Dan Quayle cheerleads the State of the Union On Politics Today

Jack W. Germond & Jules Witcover

January 31, 1992|By Jack W. Germond & Jules Witcover

St. Louis -- THE MORNING AFTER President Bush's State of the Union message, Vice President Dan Quayle was out on the hustings pitching hard for quick action by Congress on Mr. Bush's program to end the recession, which is giving the Bush-Quayle ticket the political willies.

For months, the president had been taking heat from Democratic presidential candidates for his plea to voters to "stay tuned" for the State of the Union speech, and also from worried Republican leaders in New Hampshire who were informing the White House that jobless voters in the state holding the first 1992 primary were in no mood to wait.

Now, though, Mr. Bush has at last conveyed a sense of urgency by laying out his plan for economic recovery and demanding congressional action in 52 days, setting a March 20 deadline with a warning of "or else." The "or else" was a threat of political warfare thereafter if the Democratic-controlled Congress didn't buy his program. "From the day after that (March 20)," Mr. Bush said, "if it must be: the battle is joined."

Inasmuch as both Mr. Bush and Mr. Quayle had to know that the White House's plan would be denounced by the Democrats as too little, too late, it was clear that the Republican strategy would be to play politics from the start, setting the Democrats up for blame when the president's deadline came and went without congressional approval.

Now Mr. Quayle was carrying the message forth. At a press conference at a plant here that makes automobile diagnostic equipment, he professed to speak for the American people's reaction to the speech.

"They want action," he said, expressing the obvious. "They're tired of excuses. They don't want politics. They want to see something done. That's why it's so important the president put in his State of the Union address the March 20 deadline. Congress, given its normal tendencies, wouldn't pass anything until just before the election and at the last moment [would] try to tell voters they're actually helping them." It was an amusing observation, given Mr. Bush's conspicuous foot-dragging on an action plan to stem the recession, and the fact that major parts of the program he finally announced included executive actions he could have taken months earlier without congressional approval.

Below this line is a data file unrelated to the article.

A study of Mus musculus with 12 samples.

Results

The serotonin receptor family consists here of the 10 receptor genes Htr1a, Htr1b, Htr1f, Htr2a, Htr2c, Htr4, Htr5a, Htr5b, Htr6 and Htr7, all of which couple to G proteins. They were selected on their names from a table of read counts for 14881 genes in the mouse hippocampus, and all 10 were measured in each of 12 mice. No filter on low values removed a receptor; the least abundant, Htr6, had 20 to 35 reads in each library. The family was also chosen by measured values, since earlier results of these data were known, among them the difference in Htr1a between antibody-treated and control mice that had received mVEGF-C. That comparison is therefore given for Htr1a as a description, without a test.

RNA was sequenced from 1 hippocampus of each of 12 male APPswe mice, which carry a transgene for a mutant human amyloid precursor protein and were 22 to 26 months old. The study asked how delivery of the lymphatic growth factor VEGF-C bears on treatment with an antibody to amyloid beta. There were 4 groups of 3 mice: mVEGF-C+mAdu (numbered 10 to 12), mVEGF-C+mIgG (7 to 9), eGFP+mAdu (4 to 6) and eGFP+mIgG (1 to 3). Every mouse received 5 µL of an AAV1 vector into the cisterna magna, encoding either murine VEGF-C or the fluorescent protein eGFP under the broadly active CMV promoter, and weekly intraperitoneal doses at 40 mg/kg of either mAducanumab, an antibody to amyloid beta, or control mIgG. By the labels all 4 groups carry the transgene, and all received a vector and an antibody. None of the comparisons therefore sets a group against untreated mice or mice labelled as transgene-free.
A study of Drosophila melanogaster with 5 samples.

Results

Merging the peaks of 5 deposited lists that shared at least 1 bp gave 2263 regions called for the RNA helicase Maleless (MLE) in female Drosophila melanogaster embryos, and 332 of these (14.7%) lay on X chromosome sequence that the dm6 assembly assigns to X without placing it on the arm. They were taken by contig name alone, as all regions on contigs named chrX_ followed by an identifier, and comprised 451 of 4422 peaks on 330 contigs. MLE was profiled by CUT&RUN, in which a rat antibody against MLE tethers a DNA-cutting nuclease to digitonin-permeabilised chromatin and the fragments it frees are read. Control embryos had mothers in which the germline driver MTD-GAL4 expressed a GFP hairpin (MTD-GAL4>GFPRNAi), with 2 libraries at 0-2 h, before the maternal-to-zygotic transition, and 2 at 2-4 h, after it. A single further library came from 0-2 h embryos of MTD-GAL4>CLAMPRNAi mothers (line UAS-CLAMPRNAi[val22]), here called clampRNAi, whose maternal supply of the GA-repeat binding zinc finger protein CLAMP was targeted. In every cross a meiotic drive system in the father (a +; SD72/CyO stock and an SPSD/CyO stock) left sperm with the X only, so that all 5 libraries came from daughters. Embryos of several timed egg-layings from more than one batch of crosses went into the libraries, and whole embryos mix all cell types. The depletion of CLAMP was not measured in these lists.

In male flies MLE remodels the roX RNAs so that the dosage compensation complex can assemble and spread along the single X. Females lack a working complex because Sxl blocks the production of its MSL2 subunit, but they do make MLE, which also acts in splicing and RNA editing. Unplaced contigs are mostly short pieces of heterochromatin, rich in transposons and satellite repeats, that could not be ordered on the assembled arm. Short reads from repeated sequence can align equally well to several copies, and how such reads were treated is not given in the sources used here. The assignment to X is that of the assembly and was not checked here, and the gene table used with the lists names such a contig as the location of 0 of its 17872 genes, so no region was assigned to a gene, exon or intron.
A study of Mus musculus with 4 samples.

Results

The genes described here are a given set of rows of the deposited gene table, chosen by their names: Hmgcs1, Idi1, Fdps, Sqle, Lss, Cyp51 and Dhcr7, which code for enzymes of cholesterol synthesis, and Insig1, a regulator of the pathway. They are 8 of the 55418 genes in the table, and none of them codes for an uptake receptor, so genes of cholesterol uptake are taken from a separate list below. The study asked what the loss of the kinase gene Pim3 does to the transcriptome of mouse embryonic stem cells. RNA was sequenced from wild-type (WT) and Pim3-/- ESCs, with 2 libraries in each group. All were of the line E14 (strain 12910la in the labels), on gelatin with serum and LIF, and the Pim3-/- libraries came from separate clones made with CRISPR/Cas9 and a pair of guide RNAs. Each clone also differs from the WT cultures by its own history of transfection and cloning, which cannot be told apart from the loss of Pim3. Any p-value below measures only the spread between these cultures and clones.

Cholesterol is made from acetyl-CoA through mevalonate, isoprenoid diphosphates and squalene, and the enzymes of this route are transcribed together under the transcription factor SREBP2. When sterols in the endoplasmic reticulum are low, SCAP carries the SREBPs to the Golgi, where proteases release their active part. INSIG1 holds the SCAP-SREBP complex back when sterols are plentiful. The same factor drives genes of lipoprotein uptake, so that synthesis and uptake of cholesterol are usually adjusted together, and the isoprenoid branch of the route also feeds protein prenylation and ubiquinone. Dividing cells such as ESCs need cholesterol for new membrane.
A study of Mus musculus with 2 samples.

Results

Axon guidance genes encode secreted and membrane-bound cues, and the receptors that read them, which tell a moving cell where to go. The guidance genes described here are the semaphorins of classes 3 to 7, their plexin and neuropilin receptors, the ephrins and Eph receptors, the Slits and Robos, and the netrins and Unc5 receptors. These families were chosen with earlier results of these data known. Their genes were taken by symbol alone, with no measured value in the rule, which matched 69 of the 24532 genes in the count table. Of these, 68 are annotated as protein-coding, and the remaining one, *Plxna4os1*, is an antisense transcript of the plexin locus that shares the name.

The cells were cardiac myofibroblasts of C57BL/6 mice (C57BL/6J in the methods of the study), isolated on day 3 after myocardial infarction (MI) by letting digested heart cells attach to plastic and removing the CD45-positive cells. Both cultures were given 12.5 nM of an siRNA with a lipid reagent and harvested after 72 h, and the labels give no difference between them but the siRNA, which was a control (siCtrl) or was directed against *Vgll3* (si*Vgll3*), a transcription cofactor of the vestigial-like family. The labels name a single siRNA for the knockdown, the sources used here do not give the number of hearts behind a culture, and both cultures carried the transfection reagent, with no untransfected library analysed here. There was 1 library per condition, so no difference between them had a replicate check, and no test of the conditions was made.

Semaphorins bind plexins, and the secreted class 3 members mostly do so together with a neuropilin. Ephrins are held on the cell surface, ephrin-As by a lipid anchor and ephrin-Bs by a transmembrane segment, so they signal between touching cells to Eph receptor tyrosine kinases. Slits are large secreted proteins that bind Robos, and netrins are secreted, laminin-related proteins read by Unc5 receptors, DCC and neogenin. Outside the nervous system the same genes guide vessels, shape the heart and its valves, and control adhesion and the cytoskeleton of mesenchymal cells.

En route to a fund-raising lunch that added a reported $250,000 to the Bush-Quayle campaign coffers, Mr. Quayle Mr. dropped in on a Steak 'n Shake eatery to ask voters what they thought of the president's speech. Mr. Quayle did most of the talking, with leading observations like "Great speech, wasn't it? Right on target. . . . It sure was quiet on the Democratic side, when they realized how serious he [Mr. Bush] was on getting it through by March 20."

Mr. Quayle told the audience Mr. Bush had given Congress "a wake-up call" and it was "time to put politics aside and pass the capital gains tax reduction because that creates jobs for American workers."

The guests who plunked down $1,000 apiece to share lunch with Mr. Quayle were notably passive, and no tremors were felt when he declared that Mr. Bush's call for a 90-day moratorium on government regulations that could hinder economic growth would "hit Washington like an earthquake." He added: "Let the regulators know, they have met the enemy and it is the Competitiveness Council," which he chairs, and which has already been accused by Democrats as knuckling under to business interests.

Here and later in Louisville, Mr. Quayle dealt with the public clamor for health-care reform by saying Mr. Bush will present his proposals Feb. 6 and they would be "market-oriented," would focus on cost containment and access to quality care, and would provide coverage for the 14 percent of Americans who have no health insurance.

In Louisville, told of a CBS poll in which voters said Mr. Bush is still not in tune with the middle class, Mr. Quayle replied: "He is. . . . Either the polls told it wrong, or they didn't listen closely to what the president said." In any event, he said, critics and the press had set "a lot of heightened expectations" for the speech by putting "the bar up 10 feet and asking him to jump over it."

The high expectations, however, were the result of Mr. Bush's own months-long plea to "stay tuned." The bar is, indeed, up very high, but it's the president himself who raised it to the height that will make it hard to clear, even with Dan Quayle's earnest cheerleading.